I’ve said it before: There’s a marriage agenda in divorce data.
I’ve said it before: We are often more focused on the wedding than the marriage, and so intent on marrying people off, we don’t pay attention to whether they have a shot at making it or whether they truly know each other.
I will point you to a column in The New York Times that is both infuriating and tragic: “Two Parent Households Can Be Lethal.” I strongly recommend it.
Describing the Catch-22 of many abused women with children – leave and you’re screwed, stay and continue to endanger yourself and your children – Sarah Schoener elaborates on her research into domestic violence, first noting Centers for Disease Control (CDC) data for 2011:
… more than one-third of American women are assaulted by an intimate partner during their lives.
She also cites a 2010 Pew Research Report that reflects our persistent (negative, simplistic) view of single mothers:
… 69 percent of Americans say single mothers without male partners to help raise their children are bad for society, and 61 percent agree that a child needs a mother and a father to grow up happily.
Bad for society. Hmmm. And how is that, precisely?
While I might agree that two happy parents (regardless of gender) are the ideal for raising children – along with an extended family if possible – millions of us manage with a less picture perfect arrangement. And at the very least, we ought to agree that domestic violence does not a “happy” model make.
Yet women maintain contact with their abusers in part because of the realities imposed on them in terms of our institutions – the very institutions that are designed to help. Ms. Schoener sums up the situation in a consistent message she heard throughout her interviews:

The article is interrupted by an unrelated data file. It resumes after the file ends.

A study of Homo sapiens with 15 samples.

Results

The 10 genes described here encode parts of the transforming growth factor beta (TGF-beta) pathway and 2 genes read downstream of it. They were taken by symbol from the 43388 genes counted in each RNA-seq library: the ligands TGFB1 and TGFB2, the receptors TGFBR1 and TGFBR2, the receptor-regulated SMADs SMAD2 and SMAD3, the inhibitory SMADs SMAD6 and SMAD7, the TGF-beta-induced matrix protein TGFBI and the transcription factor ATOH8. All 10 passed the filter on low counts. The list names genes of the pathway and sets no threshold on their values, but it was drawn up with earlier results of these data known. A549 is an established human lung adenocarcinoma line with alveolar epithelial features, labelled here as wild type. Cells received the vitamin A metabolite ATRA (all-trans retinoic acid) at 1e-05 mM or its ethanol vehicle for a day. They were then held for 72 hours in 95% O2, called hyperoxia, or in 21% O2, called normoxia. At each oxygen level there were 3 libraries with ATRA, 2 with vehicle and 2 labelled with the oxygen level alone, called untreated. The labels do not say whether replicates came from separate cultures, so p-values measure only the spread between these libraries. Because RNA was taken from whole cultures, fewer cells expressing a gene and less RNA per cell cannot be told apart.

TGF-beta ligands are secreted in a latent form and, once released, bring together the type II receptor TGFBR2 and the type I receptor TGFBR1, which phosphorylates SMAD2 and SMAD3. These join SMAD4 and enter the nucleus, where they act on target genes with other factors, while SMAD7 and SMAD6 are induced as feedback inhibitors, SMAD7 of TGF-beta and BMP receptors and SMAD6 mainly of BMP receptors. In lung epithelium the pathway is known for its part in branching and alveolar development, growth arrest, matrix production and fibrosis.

Mental health professionals, law enforcement officials, judges and members of the clergy often showed greater concern for the maintenance of a two-parent family than for the safety of the mother and her children.
She goes on to explain the absurdity of the situation: Mothers who leave abusive men are seen as unable to protect their children, and also, as potentially “alienating” them from their (abusive) fathers.
Does that mean staying is more likely to keep kids safe?
Would you care for a few more specifics on the prevalence of domestic violence?
How about these figures from Safe Horizon:
Every year more than 3 million children witness domestic violence in their homes… [They] also suffer abuse and neglect at high rates (30 to 60%)…
Safe Horizon provides additional data, including on the effects that growing up in these environments bring to bear on children.
So where does that leave abused women and their children? To “tough it out” until they can’t take it any more, and then find themselves or their children at the mercy of a court system that stacks the decks against them?
When do we cease touting marriage as the be-all, end-all – and other family arrangements as inferior? When do our legal and mental health institutions start looking at the common sense (or its absence) of their actions?
Given that we cannot seem to protect mothers in domestic violence situations, should we be surprised that verbal and emotional abuse are tolerated for years as well?
I would agree that the family unit, however you define it, is essential to a healthy society. But that means a non-abusive family unit, first and foremost.
I would like to think we have evolved sufficiently in our views of the very real dangers of domestic violence to cease punishing the victim and her children by separating her from her children. Apparently, at least to read the statistics, we are far from understanding and acting on any such rational response to these appalling cycles of violence.